This section contains the detail about the Java2D in java.
Introduction to Java2D
In Java programming language, for drawing two dimensional graphics we used Java 2D API.
Java 2D API classes are organized into the following packages in JDK 6 :
- java.awt - The main package for the Java Abstract Window Toolkit.
- java.awt.geom - The Java standard library of two dimensional geometric shapes such as lines, ellipses, and quadrilaterals.
- java.awt.font - The library for manipulating glyphs in Java.
- java.awt.color - The library dealing with the many different ways that color can be represented.
- java.awt.image - The library for manipulating graphical images.
- java.awt.print - The library of tools for writing to paper.
Given below objects are essential part of the Java 2D API :
In Java 2D , shape is defined as boundary which has an inside and an outside. The inside pixels can be effected by the drawing operations. The outside pixels are not effected by the drawing operation.
Given below some of the shapes classes which provide some of the built in shapes :
- Arc2D.Double, Arc2D.FloatArea (a shape built by adding/subtracting other shapes)
- CubicCurve2D.Double, CubicCurve2D.Float
- Ellipse2D.Double, Ellipse2D.Float
- GeneralPath (a series of connected shapes)
- Line2D.Double, Line2D.Float
- QuadCurve2D.Double, QuadCurve2D.Float
- Rectangle2D.Double, Rectangle2D.Float, Rectangle
- RoundRectangle2D.Double, RoundRectangle2D.Float
java.awt.geom package contains these classes.
A paint generates the colors to be used for each pixel of the fill operation. This can be a Color (solid color), a GradientPaint (gradient fill gradually combining two colors), a TexturePaint (tiled image), or a new version of Paint that you write yourself. Use setPaint and getPaint to change and retrieve the Paint settings :
Given below some of the major built-in Paint classes :
Has the same constants (Color.red, Color.yellow, etc.) as the AWT version, plus some extra constructors.
Constructors takes two points, two colors, and optionally a boolean flag that indicates that the color pattern should cycle. The first color is used at the first point, the second color at the second point, and points in between are colored based on how close they are to each of the points.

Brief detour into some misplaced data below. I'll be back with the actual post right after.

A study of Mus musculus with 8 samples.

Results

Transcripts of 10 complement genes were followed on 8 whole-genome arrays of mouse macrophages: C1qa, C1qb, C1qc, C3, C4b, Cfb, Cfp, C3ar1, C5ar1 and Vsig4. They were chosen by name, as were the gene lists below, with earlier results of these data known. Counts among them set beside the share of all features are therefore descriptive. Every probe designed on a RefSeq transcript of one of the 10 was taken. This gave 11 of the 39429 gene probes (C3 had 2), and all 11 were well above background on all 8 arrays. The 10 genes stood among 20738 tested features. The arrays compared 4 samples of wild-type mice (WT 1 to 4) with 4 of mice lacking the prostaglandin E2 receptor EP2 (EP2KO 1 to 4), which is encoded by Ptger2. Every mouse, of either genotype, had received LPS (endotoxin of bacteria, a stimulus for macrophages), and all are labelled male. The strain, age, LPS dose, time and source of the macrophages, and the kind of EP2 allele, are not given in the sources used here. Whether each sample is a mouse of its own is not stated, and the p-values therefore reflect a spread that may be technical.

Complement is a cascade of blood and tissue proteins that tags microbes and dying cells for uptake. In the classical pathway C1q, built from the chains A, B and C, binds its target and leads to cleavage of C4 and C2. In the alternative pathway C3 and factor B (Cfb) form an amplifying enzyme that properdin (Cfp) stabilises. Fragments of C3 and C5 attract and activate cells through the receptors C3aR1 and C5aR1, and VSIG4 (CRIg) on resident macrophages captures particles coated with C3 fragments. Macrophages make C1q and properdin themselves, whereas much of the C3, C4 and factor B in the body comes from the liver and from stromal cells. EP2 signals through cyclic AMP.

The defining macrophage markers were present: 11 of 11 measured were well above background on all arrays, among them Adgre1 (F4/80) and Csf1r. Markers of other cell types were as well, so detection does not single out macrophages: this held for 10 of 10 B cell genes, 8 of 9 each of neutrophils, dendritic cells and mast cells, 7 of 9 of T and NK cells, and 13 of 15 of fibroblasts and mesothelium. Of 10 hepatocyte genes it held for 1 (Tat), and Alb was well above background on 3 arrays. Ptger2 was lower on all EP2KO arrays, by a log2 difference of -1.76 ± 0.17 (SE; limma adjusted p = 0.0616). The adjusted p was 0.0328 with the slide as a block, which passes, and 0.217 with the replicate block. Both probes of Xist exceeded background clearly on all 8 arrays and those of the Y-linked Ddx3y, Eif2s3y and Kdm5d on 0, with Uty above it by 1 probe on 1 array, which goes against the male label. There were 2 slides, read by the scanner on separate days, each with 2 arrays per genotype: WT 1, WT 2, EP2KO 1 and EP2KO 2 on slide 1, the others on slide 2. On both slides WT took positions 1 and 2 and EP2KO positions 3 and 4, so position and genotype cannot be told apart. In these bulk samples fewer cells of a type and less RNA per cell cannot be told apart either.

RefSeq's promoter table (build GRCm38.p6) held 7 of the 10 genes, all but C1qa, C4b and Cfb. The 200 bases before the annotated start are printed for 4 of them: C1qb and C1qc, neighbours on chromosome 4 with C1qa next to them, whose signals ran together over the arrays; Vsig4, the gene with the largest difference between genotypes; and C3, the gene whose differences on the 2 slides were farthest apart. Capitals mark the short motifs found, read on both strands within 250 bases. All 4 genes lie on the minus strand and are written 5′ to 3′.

Constructor takes a BufferedImage and a Rectangle2D, maps the image to the rectangle, then tiles the rectangle. Creating a BufferedImage from a GIF or JPEG file is a pain. First load an Image normally, get its size, create a BufferedImage that size with BufferedImage.TYPE_INT_ARGB as the image type, get the BufferedImage's Graphics object via createGraphics, then draw the Image into the BufferedImage using drawImage. An example of this process is shown later.
In any drawing operation, there is a source pixel which is produced by the
paint and a destination pixel which is already on screen. Normally, the
source pixel overwrite the existing pixel on screen. But the
composite has a
different behavior from this. The composite, given the source and destination pixels, produces the final
result that ultimately ends up onscreen. The most common composite is
java.awt.AlphaComposite, which can treat the pixels being drawn as
partially transparent, so that the destination pixels show through to some
The first step in filling a shape is to check whether the pixel is inside the shape or not. The pixels which are partially inside and partially outside is corrected by the anti-aliasing. The paint is then asked to generate a color for each of the pixels to be painted.
Given below objects can be viewed as performing their duties in terms of the simpler objects described above :
Every Java 2D operation is subject to a transform, so that shapes may be
translated, rotated, sheared, and scaled as they are drawn. The active transform
is most often the identity transform, which does nothing.
Filling using a transform can be viewed as simply creating a new, transformed shape and then filling that shape.
Java2D has a draw operation which draws the shape's outline. The outline can be as simple as a thin line, or as complicated as a dashed line with each dash having rounded edges.
The object responsible for generating the outline is the stroke. Given an input shape, the stroke produces a new shape representing its outline. For instance, an infinitely thin line segment (with no interior) might be stroked into a one-pixel-wide rectangle.
A draw operation can therefore be described as creating a new, stroked object and then filling that object.